There’s a network of beautiful trails winding their way around the town where I live. They are well maintained, either paved or covered with a fresh layer of woodchips every two weeks. Large signs at the start and finish indicate that “hikers, cyclists, and horseback riders are welcome, but no motorized vehicles are allowed and dogs must be kept on leashes.”
You would think the last rule doesn’t exist for the number of dogs running loose. Every hike I take involves multiple unpleasant encounters with barking dogs that come bounding out of nowhere, destroying any traces of peaceful meditation that I might have been enjoying.
Too often barking is the least of my concerns. There is plenty of snarling, growling, and lunging, at which point my Mama Bear instinct kicks in. I scoop up my children, waiting for the owner to appear. They’re always far behind, yelling at their dogs to come back (they never listen), emerging around the corner with smiles, apologies, and the same phrase I’ve heard a hundred times:
“Don’t worry! He’s friendly. She won’t bite. He’s just playing.”
Really? Because the fact that my dog-loving children are practically in tears, my heart is racing, and we’re literally stranded in the middle of the trail because a growling animal with sharp teeth is nipping at my hiking boots is not my definition of “friendly.”
At this point I should clarify that I don’t have anything against dogs. My relationship to dogs is like that of women who don’t want children, when they meet a child: friendly, pleasant neutrality with no desire to touch them. Oh, and an added state of perpetual alert. My issue, rather, is with dog-owners who choose to believe that the bylaws do not apply to them.
I could believe what every dog-owner tells me and assume that all dogs running face-level at my kids intend no harm. In most cases, that’s probably true. But consider the alternate scenario, in which a dog suddenly decides not to be friendly, for whatever reason. My kid could – and many kids tragically do – pay the price with his face, and that’s not a risk I’m willing to take. I’d be an irresponsible and foolish parent to trust every strange dog on the trail.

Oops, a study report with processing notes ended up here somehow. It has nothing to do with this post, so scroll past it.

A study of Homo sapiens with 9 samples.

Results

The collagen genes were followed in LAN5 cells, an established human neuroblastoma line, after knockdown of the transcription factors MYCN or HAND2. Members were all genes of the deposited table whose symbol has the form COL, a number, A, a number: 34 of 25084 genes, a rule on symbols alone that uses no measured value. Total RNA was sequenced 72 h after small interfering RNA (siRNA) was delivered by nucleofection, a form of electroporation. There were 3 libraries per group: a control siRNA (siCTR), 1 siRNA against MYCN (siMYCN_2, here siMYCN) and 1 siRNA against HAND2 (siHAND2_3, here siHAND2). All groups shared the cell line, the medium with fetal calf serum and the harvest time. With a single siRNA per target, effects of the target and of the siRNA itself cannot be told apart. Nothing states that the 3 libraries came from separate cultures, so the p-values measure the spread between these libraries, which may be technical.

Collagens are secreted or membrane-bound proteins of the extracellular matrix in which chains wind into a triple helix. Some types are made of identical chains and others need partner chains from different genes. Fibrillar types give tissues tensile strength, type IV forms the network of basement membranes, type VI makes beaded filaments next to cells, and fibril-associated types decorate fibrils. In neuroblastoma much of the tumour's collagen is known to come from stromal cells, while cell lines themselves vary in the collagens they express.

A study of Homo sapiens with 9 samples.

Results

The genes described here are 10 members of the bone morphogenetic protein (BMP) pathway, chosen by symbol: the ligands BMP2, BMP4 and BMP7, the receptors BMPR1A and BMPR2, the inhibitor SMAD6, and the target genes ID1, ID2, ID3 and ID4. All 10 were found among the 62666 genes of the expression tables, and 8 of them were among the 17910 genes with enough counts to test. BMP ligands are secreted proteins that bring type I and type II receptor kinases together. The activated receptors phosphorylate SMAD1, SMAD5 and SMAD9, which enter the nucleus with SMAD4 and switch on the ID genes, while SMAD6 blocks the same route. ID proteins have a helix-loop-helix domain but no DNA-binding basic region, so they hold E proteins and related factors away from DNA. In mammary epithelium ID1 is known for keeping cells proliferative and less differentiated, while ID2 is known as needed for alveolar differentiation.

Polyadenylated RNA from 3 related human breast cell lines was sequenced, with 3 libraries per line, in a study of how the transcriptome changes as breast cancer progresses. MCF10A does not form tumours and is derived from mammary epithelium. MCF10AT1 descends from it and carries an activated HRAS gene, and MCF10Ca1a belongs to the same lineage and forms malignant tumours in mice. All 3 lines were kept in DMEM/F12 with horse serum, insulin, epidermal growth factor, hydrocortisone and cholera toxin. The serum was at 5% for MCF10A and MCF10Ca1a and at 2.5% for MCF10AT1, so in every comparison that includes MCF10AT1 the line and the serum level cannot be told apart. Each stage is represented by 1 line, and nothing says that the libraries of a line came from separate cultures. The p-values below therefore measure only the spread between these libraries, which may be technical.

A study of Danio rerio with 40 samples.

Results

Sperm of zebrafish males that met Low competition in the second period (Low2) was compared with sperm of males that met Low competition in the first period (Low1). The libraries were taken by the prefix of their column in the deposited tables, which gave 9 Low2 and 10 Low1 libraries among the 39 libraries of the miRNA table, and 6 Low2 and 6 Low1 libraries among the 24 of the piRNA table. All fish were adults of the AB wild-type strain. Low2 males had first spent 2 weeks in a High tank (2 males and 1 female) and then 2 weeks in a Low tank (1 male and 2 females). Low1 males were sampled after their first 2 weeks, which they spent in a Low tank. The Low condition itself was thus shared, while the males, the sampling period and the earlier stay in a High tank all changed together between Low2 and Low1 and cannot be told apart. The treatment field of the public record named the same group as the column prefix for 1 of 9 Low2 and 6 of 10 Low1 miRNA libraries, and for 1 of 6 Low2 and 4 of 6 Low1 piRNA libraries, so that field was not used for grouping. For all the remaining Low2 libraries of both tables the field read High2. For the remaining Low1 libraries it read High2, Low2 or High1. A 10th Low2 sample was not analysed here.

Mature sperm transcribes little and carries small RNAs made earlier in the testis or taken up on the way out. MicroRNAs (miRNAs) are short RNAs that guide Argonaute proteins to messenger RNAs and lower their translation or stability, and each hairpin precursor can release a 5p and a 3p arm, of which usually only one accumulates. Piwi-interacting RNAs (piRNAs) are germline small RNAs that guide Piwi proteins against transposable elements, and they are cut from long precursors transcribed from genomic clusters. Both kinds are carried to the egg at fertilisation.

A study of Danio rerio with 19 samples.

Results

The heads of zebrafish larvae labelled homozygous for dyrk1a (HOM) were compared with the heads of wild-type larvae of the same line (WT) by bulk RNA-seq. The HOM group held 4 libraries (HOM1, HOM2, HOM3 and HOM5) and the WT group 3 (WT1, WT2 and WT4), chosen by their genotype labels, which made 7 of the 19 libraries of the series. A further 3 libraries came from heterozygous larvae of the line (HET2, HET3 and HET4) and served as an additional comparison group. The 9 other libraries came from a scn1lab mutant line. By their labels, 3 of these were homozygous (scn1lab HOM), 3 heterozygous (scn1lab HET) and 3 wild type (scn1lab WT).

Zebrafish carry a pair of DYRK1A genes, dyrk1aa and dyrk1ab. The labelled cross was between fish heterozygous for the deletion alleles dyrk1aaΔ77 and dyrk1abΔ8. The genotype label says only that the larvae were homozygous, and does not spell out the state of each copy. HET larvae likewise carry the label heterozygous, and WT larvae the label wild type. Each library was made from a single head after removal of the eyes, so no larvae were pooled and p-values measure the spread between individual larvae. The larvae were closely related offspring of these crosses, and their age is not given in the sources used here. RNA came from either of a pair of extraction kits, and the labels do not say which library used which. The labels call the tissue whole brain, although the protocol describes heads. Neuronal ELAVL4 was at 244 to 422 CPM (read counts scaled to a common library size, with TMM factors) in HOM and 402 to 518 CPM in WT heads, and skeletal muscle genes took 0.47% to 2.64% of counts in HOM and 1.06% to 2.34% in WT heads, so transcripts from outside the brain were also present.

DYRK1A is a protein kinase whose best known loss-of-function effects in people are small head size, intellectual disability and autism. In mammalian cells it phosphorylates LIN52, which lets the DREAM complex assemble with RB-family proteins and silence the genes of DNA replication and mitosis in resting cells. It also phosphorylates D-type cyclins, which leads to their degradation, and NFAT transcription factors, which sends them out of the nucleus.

So I fight back. No longer do I smile, nod, and walk on by. Instead, I say, “Please put that dog on a leash. It’s the law,” at which point the owners turn nasty, angry, and defensive. You’d think I’d suggested something obscene. I’ve had people swear at me in front my kids.
In addition to safety threats, I resent the way in which dogs consistently ruin the forest’s peaceful atmosphere. They tear up the trails, drop their loads everywhere, frighten the songbirds, eat the frogs dozing in the ponds, scare away the wildlife, and shatter all sense of quiet. I escape the din of town life for a quiet hike, only to have to put up with barking dogs everywhere I turn.
I grew up in a forest full of black bears, moose, and wolves. They are spectacular, wild creatures. We have stared at each other in wonder and shock before taking off in opposite directions. I respect and love those wild animals, and have never felt afraid knowing they’re around me. It’s ridiculous that dogs – people’s personal pets – threaten my children’s and my safety far more than these indigenous forest animals.
My kids should be safe to roam free in their own town, but they’re not. Until dog owners stop believing that their dog is special and somehow exempt from the rules, I will continue to go out with extreme caution, armed with a big stick, a pocket knife, and the bylaw officer’s number on my cellphone.